This past Tuesday we drove all day and by 9pm found ourselves on a windy mountain road on the western side of Virginia. All day the GPS and the printed Google map were in conflict with each other and we thought we might never get there. We arrived in the dark; just down a steep hill was a little red building - a gallery that represents Angela - with a little guest cottage snugged into a hill at the back.
In the morning we drove east on 39, a narrow two-lane with switchback turns and electrifying drop-offs, worthy of a Hitchcock film. We painted in two locations, both with gentle mountains sleeping in the distance. We returned "home" by six and could barely stay awake long enough to eat dinner - homemade meatballs that came all the way from my freezer in Saugatuck.
Thursday we drove to Charlottesville and pulled into the drive of a lovely home with another lovely guesthouse. Barbara Buhr, the owner of Warm Springs Gallery, again found us beautiful accommodations. The temperature is much warmer here at the base of the Blue Ridge Mountains and trees of all kinds are in bloom.We have painted the last two days at local wineries. "Le Blue Ridge" was small and intimate and there were cows in the nearby fields that became small black smudges in my landscapes. The owners are from Quebec and very friendly.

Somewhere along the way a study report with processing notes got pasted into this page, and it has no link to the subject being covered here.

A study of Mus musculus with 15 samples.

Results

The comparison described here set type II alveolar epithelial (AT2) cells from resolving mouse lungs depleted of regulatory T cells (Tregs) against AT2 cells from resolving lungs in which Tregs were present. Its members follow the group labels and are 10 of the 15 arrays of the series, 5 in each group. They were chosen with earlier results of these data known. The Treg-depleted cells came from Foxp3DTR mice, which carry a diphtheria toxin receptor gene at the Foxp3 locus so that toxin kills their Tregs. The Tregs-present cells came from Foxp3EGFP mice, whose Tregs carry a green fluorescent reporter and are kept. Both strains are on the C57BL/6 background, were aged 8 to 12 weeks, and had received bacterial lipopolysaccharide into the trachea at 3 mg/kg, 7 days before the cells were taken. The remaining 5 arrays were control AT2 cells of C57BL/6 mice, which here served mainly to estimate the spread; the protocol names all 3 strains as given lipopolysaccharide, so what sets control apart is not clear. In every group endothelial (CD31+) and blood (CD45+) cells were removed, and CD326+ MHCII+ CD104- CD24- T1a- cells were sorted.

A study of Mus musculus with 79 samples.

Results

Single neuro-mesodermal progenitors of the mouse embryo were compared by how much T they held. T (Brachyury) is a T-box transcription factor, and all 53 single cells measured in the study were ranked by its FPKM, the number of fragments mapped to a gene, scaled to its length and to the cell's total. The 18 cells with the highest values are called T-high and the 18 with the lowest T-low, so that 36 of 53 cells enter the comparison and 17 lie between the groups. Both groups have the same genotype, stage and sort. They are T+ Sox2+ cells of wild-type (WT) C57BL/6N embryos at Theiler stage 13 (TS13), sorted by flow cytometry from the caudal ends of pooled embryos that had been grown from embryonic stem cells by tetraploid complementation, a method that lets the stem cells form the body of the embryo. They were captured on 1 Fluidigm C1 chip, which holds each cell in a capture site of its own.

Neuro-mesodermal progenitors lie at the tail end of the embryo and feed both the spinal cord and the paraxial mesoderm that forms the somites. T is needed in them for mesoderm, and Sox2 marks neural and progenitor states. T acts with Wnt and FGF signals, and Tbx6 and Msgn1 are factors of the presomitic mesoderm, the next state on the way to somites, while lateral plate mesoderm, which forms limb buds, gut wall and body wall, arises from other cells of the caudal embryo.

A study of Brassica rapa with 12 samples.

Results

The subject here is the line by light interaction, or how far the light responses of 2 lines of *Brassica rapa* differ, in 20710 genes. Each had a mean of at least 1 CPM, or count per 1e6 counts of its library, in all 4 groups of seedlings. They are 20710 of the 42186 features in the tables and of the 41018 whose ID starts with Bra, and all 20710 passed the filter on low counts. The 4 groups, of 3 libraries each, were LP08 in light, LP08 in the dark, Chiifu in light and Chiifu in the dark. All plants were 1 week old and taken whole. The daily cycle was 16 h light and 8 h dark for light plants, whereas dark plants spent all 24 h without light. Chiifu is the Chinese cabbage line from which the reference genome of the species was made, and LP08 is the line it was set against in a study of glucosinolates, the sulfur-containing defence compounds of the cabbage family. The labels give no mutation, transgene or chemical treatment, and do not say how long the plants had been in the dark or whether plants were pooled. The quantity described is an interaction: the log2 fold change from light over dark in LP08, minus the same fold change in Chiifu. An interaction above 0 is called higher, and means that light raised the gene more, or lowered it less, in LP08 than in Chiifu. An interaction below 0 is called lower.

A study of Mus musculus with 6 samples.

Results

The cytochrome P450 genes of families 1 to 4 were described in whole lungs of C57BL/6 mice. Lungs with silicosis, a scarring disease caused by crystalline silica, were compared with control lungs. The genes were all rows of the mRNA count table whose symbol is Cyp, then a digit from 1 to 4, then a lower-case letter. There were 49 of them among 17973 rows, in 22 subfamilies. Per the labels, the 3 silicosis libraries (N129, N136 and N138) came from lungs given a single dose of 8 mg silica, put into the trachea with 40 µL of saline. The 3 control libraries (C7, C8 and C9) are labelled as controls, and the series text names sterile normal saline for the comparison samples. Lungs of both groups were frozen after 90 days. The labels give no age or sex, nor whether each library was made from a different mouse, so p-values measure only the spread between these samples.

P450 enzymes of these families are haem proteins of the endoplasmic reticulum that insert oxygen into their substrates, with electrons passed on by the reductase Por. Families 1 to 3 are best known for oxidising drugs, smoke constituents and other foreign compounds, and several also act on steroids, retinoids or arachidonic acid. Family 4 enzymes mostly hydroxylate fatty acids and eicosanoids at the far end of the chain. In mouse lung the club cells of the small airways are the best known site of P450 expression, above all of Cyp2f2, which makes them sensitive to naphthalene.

Yesterday we found "The King Family Winery". We were challenged in finding a spot that would both welcome (or tolerate) our presence and provide shelter from the potential rain. The winery has a broad covered walk, running the length of the building, and a very nice staff that kept track of our progress throughout the day. We were privy to sweeping views with horses, cows and a sprawling colonial home in the distance. Unfortunately, the animals could not survive my paintbrush.
Today we are heading to a nearby farm that is owned by an artist who paints cows. I want to paint cows! We will clean up, pack and head back to Warm Springs tonight. Tomorrow I may make my way into West Virginia to paint in that state, leaving Angela to find a landscape on foot in the little town, population 123, where Thomas Jefferson once imbibed in the healing powers of the naturally warm water.